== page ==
British Columbia Finance Minister Mike de Jong says a possible cash settlement with the province's teachers in a court dispute is one of the "major risks" to Canada's only provincial and territorial surplus budget.
At issue in appeal court is whether 2002 legislation introduced by the BC Liberals illegally stripped teachers of their rights to bargain class size and composition. The case with the province's 40,000 teachers is before the courts, but was a point of uncertainty in a budget introduced on Tuesday.
The budget included a $576-million increase in government funding for kindergarten-to-Grade 12 education over three years – the second-highest increase for a ministry, after health.
The uncertainty over the court case stands as a reminder of chronic turmoil in B.C. education. A five-week strike last year by the province's teachers ended with a six-year deal. In tabling the budget, Mr. de Jong noted there will be a $485-million increase in funding allotted for labour settlements in public schools.
Although the labour dispute is over, a legal fight over classroom working conditions continues.
Budget documents describe the appeal as one of several "major risks" to the fiscal plan that the government has no control over. Other such risks include uncertainty around global economic activity, potential changes to federal transfer allocations, and utilization rates for government services.
Mr. de Jong said contingencies have been built into the budget to cover risks. But he told a budget news conference he was wary about speculating on a decision that the courts are considering – or the amount B.C. may have to pay.
Jim Iker, president of the B.C. Teachers' Federation, said he was hoping for a court ruling on the issue within the next two months.
In an interview, Mr. Iker said he had hoped the government would negotiate a settlement with the union. But now he said it was incumbent on the government to pay any compensation deemed appropriate by the courts.
"Public education is appropriate in democracy and they should be funding it appropriately," Mr. Iker said.
Of the budget as a whole, Mr. Iker decried an order to kindergarten-to-Grade 12 schools to find $29-million in savings by being more efficient in 2015-16 and a further $25-million in 2016-17.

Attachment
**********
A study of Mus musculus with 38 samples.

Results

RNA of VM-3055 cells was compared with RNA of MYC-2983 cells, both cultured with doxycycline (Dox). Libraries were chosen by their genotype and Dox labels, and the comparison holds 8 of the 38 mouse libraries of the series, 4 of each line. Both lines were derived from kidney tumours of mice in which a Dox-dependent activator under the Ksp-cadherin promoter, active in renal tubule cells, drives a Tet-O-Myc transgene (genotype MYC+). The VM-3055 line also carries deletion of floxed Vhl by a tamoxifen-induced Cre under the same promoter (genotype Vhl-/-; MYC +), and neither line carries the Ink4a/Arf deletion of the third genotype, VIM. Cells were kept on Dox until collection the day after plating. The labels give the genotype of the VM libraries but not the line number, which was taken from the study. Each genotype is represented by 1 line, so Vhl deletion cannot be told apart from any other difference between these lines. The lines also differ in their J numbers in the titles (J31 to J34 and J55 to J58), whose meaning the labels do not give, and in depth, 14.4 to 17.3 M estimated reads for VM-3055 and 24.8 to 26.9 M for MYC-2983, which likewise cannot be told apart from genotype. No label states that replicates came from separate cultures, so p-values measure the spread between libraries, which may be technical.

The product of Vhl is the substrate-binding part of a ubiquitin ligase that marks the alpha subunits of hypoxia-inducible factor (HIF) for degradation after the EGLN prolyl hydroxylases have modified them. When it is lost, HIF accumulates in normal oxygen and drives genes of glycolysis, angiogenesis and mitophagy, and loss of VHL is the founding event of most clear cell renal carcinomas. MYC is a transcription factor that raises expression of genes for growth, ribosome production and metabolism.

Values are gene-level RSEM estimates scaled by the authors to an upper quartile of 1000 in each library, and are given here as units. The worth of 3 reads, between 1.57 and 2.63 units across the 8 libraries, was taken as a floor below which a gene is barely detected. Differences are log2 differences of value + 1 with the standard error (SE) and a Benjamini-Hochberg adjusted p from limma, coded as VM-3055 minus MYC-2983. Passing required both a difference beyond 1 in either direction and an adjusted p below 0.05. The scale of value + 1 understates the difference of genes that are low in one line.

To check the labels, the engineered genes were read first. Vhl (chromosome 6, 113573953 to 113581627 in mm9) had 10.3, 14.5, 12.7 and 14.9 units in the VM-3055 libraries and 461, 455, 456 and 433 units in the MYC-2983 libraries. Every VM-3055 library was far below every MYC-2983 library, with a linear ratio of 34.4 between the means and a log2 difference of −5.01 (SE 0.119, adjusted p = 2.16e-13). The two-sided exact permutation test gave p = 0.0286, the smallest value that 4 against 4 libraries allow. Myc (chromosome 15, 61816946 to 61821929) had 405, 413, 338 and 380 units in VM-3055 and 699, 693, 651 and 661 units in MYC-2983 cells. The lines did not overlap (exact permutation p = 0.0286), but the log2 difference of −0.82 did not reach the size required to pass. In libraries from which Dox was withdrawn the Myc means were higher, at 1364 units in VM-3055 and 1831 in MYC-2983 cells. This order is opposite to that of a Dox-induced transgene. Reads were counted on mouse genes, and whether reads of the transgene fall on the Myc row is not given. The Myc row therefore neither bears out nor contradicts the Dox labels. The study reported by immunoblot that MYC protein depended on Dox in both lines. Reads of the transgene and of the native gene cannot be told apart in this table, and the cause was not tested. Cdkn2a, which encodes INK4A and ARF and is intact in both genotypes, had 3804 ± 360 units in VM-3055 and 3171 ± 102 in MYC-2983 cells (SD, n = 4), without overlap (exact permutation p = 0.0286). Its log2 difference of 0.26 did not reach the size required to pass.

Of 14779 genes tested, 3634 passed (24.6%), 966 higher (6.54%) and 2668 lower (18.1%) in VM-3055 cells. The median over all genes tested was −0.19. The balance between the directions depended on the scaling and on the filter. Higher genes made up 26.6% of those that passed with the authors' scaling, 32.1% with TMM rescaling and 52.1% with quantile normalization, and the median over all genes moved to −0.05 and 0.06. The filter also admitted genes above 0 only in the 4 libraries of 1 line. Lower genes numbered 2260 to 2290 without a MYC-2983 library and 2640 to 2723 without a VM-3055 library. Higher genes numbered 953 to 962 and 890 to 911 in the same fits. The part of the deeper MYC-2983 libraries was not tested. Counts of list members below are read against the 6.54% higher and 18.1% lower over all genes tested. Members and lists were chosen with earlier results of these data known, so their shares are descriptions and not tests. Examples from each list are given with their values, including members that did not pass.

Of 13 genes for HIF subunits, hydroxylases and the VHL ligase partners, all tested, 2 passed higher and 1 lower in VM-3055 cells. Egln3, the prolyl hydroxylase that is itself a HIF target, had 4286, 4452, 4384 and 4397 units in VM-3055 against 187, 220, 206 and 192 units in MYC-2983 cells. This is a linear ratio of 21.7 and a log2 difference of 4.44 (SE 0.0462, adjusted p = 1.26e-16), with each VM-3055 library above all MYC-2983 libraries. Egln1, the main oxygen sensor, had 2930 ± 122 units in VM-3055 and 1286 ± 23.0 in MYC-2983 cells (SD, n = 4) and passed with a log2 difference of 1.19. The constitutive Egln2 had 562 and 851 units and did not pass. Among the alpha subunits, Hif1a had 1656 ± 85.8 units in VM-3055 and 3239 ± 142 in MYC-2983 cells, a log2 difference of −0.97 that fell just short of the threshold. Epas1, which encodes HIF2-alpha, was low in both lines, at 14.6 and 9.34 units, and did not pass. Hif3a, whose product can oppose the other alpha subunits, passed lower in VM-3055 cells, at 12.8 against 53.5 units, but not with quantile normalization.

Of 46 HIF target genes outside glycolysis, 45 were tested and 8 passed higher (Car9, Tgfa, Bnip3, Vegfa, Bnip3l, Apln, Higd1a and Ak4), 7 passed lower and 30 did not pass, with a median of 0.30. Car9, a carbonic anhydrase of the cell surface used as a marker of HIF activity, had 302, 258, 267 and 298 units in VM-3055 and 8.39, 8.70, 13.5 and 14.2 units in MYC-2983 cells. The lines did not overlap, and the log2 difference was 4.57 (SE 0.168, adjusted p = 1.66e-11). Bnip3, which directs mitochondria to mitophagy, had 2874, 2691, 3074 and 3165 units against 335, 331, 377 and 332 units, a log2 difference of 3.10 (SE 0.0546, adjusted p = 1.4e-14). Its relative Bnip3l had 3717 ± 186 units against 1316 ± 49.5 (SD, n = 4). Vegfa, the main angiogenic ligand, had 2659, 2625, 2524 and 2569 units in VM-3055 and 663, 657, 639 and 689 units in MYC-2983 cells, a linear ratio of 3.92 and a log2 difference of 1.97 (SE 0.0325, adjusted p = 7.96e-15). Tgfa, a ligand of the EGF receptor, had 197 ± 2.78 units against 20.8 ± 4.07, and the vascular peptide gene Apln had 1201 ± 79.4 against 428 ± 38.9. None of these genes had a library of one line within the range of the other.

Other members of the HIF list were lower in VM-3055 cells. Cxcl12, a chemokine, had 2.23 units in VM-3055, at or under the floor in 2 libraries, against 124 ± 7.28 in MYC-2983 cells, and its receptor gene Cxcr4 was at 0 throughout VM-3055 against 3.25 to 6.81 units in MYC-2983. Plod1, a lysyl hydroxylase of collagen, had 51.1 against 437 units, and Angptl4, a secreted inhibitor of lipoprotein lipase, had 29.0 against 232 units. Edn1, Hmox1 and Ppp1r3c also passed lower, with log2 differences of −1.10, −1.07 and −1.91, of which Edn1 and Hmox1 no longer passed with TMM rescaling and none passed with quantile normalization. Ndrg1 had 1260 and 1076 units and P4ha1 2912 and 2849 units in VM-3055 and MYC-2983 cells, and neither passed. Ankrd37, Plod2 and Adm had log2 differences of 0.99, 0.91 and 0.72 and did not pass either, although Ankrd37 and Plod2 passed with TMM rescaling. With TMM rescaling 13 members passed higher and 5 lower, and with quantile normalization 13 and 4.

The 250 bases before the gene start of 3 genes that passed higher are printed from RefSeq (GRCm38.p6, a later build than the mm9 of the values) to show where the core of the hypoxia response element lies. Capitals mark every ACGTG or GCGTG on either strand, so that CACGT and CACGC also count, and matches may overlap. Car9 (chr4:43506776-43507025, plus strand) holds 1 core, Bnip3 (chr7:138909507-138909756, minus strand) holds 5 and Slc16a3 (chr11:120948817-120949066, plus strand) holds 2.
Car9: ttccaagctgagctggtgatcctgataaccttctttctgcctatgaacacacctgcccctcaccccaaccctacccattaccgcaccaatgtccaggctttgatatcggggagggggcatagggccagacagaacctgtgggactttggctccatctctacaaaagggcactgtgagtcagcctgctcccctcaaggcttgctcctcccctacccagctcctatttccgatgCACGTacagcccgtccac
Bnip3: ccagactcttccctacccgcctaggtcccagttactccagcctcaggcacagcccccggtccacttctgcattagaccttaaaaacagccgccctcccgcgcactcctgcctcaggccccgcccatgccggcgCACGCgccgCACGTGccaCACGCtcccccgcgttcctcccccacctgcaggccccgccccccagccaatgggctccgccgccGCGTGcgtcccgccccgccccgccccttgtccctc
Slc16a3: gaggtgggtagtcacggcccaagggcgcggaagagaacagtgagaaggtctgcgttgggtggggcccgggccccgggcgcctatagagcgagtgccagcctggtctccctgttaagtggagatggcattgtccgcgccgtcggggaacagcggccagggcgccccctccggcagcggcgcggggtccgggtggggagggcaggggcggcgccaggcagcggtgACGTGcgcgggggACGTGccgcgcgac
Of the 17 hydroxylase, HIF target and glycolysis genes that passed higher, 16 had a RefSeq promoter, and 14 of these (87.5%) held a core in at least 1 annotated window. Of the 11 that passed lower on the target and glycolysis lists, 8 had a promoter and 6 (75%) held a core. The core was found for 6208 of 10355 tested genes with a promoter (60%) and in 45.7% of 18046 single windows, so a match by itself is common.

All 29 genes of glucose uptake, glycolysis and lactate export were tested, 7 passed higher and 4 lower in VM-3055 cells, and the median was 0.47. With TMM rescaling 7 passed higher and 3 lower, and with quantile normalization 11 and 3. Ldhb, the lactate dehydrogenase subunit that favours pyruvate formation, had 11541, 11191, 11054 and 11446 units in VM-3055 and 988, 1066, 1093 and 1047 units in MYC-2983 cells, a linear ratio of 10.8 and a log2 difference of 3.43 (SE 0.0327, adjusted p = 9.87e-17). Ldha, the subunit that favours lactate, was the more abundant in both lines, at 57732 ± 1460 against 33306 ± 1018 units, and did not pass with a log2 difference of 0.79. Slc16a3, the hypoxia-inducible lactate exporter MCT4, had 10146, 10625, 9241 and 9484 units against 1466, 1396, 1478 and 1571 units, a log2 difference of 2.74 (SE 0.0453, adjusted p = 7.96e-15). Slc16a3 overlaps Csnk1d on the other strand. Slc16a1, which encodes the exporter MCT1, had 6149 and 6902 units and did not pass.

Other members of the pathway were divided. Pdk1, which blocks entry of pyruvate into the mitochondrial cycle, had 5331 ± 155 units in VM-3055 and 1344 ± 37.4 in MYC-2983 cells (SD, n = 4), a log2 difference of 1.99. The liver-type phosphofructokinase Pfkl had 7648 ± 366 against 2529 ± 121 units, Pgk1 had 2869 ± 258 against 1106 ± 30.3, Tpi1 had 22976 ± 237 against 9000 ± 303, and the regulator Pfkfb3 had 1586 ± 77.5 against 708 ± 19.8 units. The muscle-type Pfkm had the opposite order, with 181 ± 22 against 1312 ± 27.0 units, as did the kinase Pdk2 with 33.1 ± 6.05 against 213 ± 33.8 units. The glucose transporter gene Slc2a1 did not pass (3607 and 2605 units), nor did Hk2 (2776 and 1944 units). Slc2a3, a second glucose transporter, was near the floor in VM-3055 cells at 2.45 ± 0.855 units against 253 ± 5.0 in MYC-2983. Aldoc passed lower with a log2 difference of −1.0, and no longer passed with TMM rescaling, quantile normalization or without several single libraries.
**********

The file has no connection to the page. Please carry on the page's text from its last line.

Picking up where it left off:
The B.C. School Trustees Association slammed the budget for the cuts to administration and related services, saying in a statement the funds were being removed from the education system.
BCSTA president Teresa Rezansoff said in a statement that it was "unacceptable" that dollars saved from school districts would not be used to address school needs.
"It is clear the new provincial education budget will mean further cuts in school districts across the province," Ms. Rezansoff said. "The money allocated in the 2015/16 provincial budget for public education simply will not cover our increasing costs, and now we are seeing millions of dollars taken away from school districts for other uses."
Also, the organization said that despite increases in the education budget, the extra money was going to pay for collective agreements for teachers and support staff.
In a possible olive branch to teachers, Mr. de Jong also announced that, starting this tax year, teachers engaged in extra-curricular sports and arts activities will be eligible for a $500 tax credit.
Mr. de Jong said the Ministry of Advanced Education's three-year allocation for postsecondary education has been increased by $92-million over the amount allotted in 2014.
Increases in postsecondary fees are pegged as part of a 3.4-per-cent increase in revenue growth for the government from various sources.
Zachary Crispin, chairman of the B.C. wing of the Canadian Federation of Students, said the fee situation was exasperating.
"The B.C government is making a profit off B.C. students," he said, adding that a more reasonable interest rate for student loans or even the elimination of student loans would have been helpful measures for students seeking postsecondary education.